The Patient Protection and Affordable Care Act (the “Act”) — known as health-care reform or ObamaCare by many proponents and opponents, respectively — is being challenged in the courts. A major issue concerns the constitutionality of the federal mandate that all individuals maintain adequate health-insurance coverage or pay a penalty to the Internal Revenue Service.
The challengers claim that the mandate, which requires individuals to purchase a product, falls outside the federal government’s purview to regulate interstate commerce. The Obama Administration insists, conversely, that the Interstate Commerce Clause of the Constitution affords Congress the authority to mandate individual behavior in this instance. Since all or at least most citizens will at some point engage in the commerce of health care, they are subject to the clause, the argument goes.
The opponents of the mandate counter that the law regulates inactivity. Specifically, the law does not require that one engage in health-care commerce at all in order to be subject to the law; rather, all citizens must purchase health insurance or pay a penalty. Essentially, citizens must buy health insurance just for existing, without any nexus to their health-care activity. As such, the mandate exemplifies a law that falls outside of Congress’s legislative power.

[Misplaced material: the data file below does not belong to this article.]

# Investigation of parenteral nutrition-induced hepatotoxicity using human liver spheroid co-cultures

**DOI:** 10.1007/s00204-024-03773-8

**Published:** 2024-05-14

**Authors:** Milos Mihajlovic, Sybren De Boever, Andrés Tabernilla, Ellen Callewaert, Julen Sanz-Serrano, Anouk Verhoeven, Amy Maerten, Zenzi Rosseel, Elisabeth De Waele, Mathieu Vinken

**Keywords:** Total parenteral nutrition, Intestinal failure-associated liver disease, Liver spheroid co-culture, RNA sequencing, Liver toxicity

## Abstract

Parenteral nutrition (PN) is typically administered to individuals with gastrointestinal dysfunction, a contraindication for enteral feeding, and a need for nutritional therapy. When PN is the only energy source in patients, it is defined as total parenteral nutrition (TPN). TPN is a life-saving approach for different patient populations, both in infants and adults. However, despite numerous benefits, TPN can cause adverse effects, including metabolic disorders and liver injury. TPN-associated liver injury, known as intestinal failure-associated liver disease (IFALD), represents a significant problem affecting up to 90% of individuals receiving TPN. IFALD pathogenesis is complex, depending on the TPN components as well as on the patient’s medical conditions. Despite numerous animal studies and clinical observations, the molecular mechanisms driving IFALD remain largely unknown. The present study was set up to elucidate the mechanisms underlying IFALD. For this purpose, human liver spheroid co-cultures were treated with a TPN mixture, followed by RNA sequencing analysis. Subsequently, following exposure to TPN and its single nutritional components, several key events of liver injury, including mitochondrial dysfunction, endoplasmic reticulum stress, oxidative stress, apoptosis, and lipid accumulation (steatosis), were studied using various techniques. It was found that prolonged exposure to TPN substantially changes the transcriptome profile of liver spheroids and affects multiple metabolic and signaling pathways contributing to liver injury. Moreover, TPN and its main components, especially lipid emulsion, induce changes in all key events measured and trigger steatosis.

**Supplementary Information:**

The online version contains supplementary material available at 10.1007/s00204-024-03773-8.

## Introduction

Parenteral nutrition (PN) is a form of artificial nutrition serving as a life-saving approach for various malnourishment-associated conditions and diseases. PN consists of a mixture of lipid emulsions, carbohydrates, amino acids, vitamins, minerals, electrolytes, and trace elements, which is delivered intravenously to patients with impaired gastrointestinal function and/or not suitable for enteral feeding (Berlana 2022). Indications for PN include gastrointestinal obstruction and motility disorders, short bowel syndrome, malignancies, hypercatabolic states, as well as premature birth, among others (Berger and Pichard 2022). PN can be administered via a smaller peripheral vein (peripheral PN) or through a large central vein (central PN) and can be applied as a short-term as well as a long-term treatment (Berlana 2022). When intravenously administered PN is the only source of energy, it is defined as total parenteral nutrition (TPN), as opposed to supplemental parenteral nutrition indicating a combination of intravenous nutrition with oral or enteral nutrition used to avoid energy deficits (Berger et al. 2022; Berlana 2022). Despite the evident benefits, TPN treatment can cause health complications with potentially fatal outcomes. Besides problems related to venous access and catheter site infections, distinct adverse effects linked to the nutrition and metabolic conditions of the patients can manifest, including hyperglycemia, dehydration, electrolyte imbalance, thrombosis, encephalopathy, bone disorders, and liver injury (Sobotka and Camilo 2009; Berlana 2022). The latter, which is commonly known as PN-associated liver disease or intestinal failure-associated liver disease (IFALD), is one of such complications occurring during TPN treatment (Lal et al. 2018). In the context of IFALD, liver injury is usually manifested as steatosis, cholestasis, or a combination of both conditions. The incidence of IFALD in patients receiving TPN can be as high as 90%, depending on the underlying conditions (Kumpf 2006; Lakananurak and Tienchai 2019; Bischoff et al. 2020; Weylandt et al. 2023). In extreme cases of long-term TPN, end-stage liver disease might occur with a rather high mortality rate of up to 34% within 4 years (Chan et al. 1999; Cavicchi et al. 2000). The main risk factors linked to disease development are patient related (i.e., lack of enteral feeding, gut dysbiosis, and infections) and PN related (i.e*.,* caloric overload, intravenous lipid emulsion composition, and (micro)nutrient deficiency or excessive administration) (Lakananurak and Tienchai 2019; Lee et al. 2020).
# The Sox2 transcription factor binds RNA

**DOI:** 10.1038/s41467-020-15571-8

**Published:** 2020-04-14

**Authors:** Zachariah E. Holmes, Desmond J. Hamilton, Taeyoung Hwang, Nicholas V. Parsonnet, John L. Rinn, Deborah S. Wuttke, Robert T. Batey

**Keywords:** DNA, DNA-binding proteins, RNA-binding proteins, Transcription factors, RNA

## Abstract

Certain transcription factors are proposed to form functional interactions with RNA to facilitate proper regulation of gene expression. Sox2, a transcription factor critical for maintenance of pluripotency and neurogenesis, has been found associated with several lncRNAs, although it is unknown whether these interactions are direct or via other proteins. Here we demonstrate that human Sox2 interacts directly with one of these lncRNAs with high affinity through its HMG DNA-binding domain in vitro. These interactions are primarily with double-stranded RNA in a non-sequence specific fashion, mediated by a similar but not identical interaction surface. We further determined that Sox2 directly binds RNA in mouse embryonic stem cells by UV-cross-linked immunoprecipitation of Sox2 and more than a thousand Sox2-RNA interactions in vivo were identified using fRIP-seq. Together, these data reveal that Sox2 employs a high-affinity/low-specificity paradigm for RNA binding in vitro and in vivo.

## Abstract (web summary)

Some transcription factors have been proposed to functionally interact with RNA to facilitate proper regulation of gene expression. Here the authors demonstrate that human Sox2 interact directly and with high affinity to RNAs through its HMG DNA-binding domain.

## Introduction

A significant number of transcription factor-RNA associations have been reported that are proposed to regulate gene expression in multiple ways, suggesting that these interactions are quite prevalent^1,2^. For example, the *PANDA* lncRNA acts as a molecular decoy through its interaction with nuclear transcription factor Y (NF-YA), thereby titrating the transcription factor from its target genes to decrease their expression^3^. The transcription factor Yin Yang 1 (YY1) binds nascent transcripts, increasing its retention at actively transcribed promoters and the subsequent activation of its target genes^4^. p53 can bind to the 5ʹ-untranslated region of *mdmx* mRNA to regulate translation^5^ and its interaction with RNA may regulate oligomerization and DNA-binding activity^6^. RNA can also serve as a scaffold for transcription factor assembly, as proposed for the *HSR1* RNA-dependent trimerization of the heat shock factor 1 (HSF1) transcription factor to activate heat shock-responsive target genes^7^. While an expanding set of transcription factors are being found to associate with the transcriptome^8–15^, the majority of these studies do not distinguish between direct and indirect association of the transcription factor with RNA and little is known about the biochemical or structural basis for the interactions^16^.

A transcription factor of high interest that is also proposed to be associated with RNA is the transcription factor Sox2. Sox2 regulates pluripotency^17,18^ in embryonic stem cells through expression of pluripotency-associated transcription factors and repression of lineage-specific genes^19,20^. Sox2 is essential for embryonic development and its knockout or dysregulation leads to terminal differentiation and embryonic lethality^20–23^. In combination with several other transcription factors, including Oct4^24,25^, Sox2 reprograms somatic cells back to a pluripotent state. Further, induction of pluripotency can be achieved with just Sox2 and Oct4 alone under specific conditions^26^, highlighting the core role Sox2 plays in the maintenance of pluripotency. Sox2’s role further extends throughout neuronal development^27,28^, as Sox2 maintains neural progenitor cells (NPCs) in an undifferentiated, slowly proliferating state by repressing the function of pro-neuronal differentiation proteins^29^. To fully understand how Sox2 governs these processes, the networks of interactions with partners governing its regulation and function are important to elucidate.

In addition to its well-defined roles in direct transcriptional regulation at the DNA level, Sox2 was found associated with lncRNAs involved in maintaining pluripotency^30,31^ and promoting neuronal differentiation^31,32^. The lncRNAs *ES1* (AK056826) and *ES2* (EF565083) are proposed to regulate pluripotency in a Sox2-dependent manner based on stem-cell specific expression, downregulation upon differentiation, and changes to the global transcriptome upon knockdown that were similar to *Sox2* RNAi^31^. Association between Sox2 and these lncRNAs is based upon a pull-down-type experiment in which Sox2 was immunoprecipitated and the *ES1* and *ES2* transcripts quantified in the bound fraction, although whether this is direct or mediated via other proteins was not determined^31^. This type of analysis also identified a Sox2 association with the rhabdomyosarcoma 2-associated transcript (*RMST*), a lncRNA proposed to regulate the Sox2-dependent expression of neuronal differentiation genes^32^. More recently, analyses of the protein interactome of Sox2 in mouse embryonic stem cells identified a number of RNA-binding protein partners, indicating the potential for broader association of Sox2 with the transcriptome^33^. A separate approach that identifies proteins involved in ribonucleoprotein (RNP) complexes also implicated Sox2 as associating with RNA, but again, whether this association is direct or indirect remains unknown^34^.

So far, two conservative judges have ruled the individual mandate to be unconstitutional, while two liberal judges have upheld the law.
In January of this year, Judge Roger Vinson, a senior federal judge in Florida, ruled that the Act is unconstitutional. He also rejected the option of severing the individual mandate from the overall Act and therefore declared that the entire law is invalid. However, he allowed the law to stand while the Obama Administration appeals it.
However, on June 29, the Sixth Circuit Court of Appeals upheld the reform law, declaring the individual mandate to be constitutional under Congress’s right to regulate interstate commerce. The court held that the mandate regulates health care (something most or all citizens purchase and are active in economically). In addressing the issue of legislating inactivity, the court maintained that since most people will use health care regardless of whether they have health insurance, the decision to self-insure (i.e., to decline purchasing health insurance) is in itself an economic activity and therefore falls within Congress’s legislative power.
The decision was not unanimous, and the dissenting judge, James Graham, said he believed “the mandate is a novel exercise of Commerce Clause power” and that Congress has never before “required individuals to purchase a good or service.”
Although the future of “ObamaCare” remains a mystery, the Act is still on the books and is binding. Following is a quick summary of some of its relevant provisions that are or will become effective.
Dependents (children) will be permitted to remain on their parents’ insurance plan until their 26th birthday, even if they no longer live with their parents, are not dependents on a parent’s tax return, or are no longer students, as was the case under the prior law.